The Bookshop review: Isabel Coixet adapts Penelope Fitzgerald’s famous novel for the big-screen.

The Bookshop review by Paul Heath.

The Bookshop review
The Bookshop review

Following their on-screen pairing in last year’ Berlinale delight The Party, Emily Mortimer and Patricia Clarke reunite for this 1950s-set drama from Spanish director Isabel Coixet.

Adapted from Penelope Fitzgerald’s book of the same name, The Bookshop centres on Mortimer’s lead character Florence Green, a lonely widow who opens a small bookshop in the sleepy English seaside town of Hardborough, England, despite overwhelming local opposition from the surrounding, stale community, in particular the strong-willed Mrs. Gamart (Clarkson).

Introducing the town to some of the best literature of the time, including Ray Bradbury’s ‘Fahrenhei 451’ and Nabokov’ scandalous ‘Lolita’, among others, the bookshop slowly but surely starts to turn a profit, much to the annoyance of her fellow shopkeepers.

While continuously battling her neighbours, and indeed the crippling rising damp and structure of the frail building, Florence finds an ally in the solitary figure of Bill Nighy’s Mr. Brunish, who she communicates with by sending him books. The two form a kind of distant relationship, one that proves to be vital as local pressure intensifies.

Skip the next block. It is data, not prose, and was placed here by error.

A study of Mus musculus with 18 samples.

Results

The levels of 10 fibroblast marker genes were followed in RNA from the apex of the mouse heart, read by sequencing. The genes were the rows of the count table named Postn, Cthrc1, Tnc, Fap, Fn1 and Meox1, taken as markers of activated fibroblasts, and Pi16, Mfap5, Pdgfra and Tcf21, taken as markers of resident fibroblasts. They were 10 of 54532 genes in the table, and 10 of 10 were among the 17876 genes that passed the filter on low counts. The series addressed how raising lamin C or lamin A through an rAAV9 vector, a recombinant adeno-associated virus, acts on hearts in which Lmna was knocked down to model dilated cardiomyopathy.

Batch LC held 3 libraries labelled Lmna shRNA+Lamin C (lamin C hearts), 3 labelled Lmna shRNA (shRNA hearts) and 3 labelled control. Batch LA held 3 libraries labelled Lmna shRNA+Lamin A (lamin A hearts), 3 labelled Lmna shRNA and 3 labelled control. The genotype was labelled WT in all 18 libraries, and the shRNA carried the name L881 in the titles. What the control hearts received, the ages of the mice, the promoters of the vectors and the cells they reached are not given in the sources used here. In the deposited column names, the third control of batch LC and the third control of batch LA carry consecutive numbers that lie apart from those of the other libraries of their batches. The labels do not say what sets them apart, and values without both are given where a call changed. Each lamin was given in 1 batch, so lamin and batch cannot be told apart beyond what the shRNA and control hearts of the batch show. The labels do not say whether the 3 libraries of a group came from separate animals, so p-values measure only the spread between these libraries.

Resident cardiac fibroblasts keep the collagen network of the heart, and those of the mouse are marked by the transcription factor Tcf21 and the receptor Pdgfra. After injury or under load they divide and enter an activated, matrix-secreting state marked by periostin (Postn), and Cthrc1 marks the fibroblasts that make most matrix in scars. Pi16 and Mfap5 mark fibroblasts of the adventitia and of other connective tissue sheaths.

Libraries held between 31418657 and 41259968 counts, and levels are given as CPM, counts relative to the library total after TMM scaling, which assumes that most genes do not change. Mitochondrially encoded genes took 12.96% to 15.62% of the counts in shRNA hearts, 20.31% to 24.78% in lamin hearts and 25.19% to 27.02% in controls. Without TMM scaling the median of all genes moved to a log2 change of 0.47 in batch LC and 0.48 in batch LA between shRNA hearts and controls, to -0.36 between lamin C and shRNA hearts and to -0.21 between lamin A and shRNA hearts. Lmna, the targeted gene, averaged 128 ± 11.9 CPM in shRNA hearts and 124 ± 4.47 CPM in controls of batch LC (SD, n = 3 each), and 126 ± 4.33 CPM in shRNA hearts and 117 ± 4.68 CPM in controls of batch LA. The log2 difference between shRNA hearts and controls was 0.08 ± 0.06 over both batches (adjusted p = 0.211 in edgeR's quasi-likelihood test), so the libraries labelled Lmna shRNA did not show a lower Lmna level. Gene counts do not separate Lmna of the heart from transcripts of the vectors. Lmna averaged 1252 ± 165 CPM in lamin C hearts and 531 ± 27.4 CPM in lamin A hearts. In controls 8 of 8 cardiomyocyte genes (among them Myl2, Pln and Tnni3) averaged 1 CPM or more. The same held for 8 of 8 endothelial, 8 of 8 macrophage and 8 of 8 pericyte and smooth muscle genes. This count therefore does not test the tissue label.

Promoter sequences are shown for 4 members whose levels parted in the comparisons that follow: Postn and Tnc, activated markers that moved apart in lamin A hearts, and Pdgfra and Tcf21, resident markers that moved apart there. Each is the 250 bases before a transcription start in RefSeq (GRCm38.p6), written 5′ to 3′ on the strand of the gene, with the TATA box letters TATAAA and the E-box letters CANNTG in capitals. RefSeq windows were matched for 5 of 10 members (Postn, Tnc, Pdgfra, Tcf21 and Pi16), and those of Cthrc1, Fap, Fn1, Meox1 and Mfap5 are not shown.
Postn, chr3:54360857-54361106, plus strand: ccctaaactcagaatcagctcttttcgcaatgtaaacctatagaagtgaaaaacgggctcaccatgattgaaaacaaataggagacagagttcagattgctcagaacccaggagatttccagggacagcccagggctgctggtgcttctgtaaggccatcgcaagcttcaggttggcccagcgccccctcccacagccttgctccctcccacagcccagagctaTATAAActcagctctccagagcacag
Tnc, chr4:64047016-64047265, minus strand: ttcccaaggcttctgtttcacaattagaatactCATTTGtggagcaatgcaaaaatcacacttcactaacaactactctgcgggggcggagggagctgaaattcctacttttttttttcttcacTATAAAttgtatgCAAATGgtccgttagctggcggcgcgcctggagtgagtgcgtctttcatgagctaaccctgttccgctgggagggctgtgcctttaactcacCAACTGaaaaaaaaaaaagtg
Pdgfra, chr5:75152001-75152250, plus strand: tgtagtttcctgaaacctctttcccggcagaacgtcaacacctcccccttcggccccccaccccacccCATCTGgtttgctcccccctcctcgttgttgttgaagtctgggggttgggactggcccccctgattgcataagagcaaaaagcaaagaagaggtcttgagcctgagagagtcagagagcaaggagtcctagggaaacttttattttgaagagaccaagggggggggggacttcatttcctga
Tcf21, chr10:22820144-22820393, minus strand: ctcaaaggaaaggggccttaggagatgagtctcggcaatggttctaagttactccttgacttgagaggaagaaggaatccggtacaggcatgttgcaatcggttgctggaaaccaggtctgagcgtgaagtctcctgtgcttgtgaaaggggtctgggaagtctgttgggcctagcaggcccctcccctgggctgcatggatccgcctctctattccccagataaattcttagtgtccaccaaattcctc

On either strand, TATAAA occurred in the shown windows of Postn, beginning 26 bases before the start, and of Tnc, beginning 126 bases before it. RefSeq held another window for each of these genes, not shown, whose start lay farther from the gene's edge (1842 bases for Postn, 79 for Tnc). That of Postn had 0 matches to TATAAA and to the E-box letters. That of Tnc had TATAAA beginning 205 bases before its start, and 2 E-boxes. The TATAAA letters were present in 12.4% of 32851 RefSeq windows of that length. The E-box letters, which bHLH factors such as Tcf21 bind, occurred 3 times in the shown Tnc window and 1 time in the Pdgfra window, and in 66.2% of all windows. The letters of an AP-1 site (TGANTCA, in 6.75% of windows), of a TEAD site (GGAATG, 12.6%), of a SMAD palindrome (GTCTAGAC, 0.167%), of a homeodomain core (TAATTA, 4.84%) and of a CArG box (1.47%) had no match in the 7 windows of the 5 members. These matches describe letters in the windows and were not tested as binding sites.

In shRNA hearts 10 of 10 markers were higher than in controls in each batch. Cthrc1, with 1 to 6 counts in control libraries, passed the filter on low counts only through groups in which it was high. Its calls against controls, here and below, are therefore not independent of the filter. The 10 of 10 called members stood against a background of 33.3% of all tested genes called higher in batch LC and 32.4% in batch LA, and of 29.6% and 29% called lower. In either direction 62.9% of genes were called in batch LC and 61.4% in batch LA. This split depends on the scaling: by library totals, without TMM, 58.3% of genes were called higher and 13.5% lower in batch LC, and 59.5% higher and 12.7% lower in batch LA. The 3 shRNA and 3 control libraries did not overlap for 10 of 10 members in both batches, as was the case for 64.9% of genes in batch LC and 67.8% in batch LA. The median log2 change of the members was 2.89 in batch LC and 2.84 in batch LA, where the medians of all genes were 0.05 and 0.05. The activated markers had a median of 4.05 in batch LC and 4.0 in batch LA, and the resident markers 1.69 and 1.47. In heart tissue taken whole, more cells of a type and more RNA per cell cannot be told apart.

The Bookshop review
The Bookshop review

The Bookshop is undoubtedly full of decent performances, not least by the trio at the top of the billing in Mortimer, Clarkson and Nighy, but the film sadly suffers from a very slow, plodding, flat nature with not a lot there to particularly engage, entertain or invest in.

The sweeping vistas of Hardborough are captured well by Jean-Claude Larrieu (Julieta), and the production design by Llorenç Miquel also fine, but they are just two positive elements, which when added to the decent performances, still do not a good movie make on their own, and I consistently felt myself drifting off during the film’s 100-minute running time.

While some lovers of the source material may find something salvageable in here, I personally walked away with a feeling of emptiness, the story having failed to strike a chord, almost the opposite feeling to my reaction to Sally Potter’s short, tight blast of a movie featuring Mortimer and Clarkson from twelve months ago.

The Bookshop review by Paul Heath, February 2018.

The Bookshop is awaiting a UK release. It was reviewed at the 2018 Berlin International Film Festival.